Posted April 25, 2017
Last modified April 25, 2017
The Maine Lobstering Union’s recent $4 million purchase of the Seal Point Lobster Company, a wholesale lobster distribution business in Lamoine, is expected to net union members a share of the profits to be had throughout the entire supply chain, from trap to plate.
But the purchase is about more than just the money, say union representatives David Sullivan and Joel Pitcher.
The Maine Lobstering Union was formed in 2013 in response to the crash of lobster prices in 2012 when there was a glut on the market. The union is Local 207 of the International Association of Machinists and Aerospace Workers. Sullivan is the larger group’s international representative and Pitcher is its district representative.
“The men and women in the lobstering industry have been taking care of and preserving the industry for all these years,” said Sullivan, “and now it’s sustainable. But what’s been lacking is the ‘sustainable fishermen.’”
The union believes its role is to consider more than the per-pound price paid to fishermen, Sullivan continued.
“When we first came on the scene, it was about price. It quickly turned into being about communities,” he said. Without a healthy fishing economy, a small coastal or island town’s restaurants and stores could disappear, the union asserts.
“If fishermen do better, they’ll spend it in their communities—go to the store, spend it on their schools. Above everything, I think community is probably the most important thing to these fishermen,” Sullivan said.
The purchase, finalized March 17, turns the wholesale facility into a cooperatively owned business overseen by a board of directions. The seller was the Pettegrow family, which owns the Trenton Bridge Lobster Pound and will continue to own and operate that popular retailer and eatery. Trenton Bridge’s manager, Warren Pettegrow, will stay on at the wholesale business as chief executive officer, and its employees will stay as well, said Sullivan.
The wholesaler ships live lobsters nationally and abroad, handling from 9 million to 14 million pounds per year, Sullivan said. The purchase allows members to sell their lobsters directly to the union cooperative at market price, then receive a share of profits at the end of the year.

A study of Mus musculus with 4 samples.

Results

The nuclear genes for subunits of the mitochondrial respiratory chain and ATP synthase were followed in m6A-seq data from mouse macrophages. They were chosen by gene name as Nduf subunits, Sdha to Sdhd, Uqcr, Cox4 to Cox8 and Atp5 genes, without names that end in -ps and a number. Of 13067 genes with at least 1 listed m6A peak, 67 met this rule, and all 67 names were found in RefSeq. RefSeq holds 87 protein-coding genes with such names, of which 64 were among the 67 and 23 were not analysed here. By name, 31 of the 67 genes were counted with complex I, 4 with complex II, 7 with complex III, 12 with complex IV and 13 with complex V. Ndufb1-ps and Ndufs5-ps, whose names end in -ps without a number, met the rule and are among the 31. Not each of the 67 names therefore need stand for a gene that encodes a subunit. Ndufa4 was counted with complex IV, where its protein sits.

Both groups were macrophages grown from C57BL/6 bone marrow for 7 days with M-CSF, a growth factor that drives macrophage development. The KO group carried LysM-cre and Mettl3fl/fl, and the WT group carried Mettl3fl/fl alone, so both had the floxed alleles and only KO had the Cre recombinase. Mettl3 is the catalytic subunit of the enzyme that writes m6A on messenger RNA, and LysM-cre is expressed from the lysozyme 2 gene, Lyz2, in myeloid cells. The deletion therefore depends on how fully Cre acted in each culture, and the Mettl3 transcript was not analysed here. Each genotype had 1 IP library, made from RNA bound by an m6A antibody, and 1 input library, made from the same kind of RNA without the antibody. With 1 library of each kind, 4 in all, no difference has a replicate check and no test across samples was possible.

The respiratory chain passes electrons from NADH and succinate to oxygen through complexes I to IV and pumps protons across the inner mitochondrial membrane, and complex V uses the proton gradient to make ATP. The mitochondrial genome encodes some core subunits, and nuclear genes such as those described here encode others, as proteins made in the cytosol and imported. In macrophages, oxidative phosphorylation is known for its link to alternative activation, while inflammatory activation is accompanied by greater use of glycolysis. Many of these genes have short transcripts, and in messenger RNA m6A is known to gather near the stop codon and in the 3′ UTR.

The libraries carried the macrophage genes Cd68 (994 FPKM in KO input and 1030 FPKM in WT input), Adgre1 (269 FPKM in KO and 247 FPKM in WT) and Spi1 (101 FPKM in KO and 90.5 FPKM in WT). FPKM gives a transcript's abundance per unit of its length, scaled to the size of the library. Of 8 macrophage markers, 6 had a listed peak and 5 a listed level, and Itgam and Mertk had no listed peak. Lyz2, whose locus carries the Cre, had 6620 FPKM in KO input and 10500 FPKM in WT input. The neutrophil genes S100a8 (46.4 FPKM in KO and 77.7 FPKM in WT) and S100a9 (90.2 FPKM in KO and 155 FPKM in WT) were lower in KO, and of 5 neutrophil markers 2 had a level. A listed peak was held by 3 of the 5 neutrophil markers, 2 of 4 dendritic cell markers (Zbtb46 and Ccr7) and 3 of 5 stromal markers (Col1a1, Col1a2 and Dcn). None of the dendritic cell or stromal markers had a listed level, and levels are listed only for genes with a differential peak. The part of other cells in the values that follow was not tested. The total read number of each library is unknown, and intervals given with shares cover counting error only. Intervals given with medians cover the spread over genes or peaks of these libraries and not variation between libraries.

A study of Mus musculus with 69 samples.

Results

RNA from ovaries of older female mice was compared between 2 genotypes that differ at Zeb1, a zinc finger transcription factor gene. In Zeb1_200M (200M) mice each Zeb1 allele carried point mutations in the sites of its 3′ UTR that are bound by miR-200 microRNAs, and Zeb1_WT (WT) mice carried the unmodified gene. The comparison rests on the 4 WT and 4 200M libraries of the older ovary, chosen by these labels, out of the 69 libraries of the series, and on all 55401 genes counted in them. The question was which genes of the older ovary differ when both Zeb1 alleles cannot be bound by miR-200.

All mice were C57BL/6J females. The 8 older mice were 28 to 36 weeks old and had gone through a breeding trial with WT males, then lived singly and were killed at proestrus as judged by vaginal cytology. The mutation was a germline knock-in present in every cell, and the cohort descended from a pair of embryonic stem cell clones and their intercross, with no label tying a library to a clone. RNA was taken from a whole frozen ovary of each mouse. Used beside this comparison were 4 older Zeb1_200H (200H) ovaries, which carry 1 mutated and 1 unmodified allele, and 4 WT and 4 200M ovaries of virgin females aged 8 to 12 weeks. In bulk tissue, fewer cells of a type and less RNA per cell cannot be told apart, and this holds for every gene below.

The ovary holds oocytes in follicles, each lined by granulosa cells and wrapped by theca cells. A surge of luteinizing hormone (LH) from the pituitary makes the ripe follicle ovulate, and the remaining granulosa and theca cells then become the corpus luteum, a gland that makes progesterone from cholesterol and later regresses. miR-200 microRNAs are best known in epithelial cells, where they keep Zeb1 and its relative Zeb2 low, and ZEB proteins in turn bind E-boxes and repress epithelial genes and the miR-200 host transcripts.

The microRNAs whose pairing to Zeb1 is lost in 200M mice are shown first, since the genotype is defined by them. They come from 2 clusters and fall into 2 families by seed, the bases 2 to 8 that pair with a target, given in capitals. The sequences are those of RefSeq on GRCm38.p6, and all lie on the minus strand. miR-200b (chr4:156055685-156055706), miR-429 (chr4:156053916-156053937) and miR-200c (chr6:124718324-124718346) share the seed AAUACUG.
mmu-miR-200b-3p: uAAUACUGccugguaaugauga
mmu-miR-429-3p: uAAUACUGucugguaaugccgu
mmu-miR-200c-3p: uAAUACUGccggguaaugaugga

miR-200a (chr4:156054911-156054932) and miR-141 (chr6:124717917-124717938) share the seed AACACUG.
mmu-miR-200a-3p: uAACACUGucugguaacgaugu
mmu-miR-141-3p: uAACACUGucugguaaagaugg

“No longer are they going to sail in and dump their lobster on the dock and have that be the end of their day or their value stream,” said Pitcher. “They’re now in a position to have access to the shore side of the industry and to the value stream that’s part of what the industry creates, because they’ll own the lobster all the way to the consumer.”
Each union member has an equal share of the coop.
Still in the early stages of the business—with the season yet to gear up, for that matter—the two didn’t have projections on the potential financial value of the new coop.
But, noted Sullivan, “There’s all that money in the middle that they’ve never had access to.”
Eleven fishermen are currently on the executive board, and there’s some thought of adding more.
Other Maine Lobstering Union accomplishments include helping defeat a bill that would have allowed possession of lobsters caught by commercial draggers and helping pass a law allowing those in active military service to maintain their lobster licenses while serving, according to the union website.
Union membership is at about 500, but membership in the coop is to be determined, said Sullivan, as he and Pitcher meet with lobstermen along the coast, starting with those in Mount Desert Island communities, Jonesport, Vinalhaven, and Stonington. Organizers will have to establish agreements with each dock before they can set up buying stations, he said.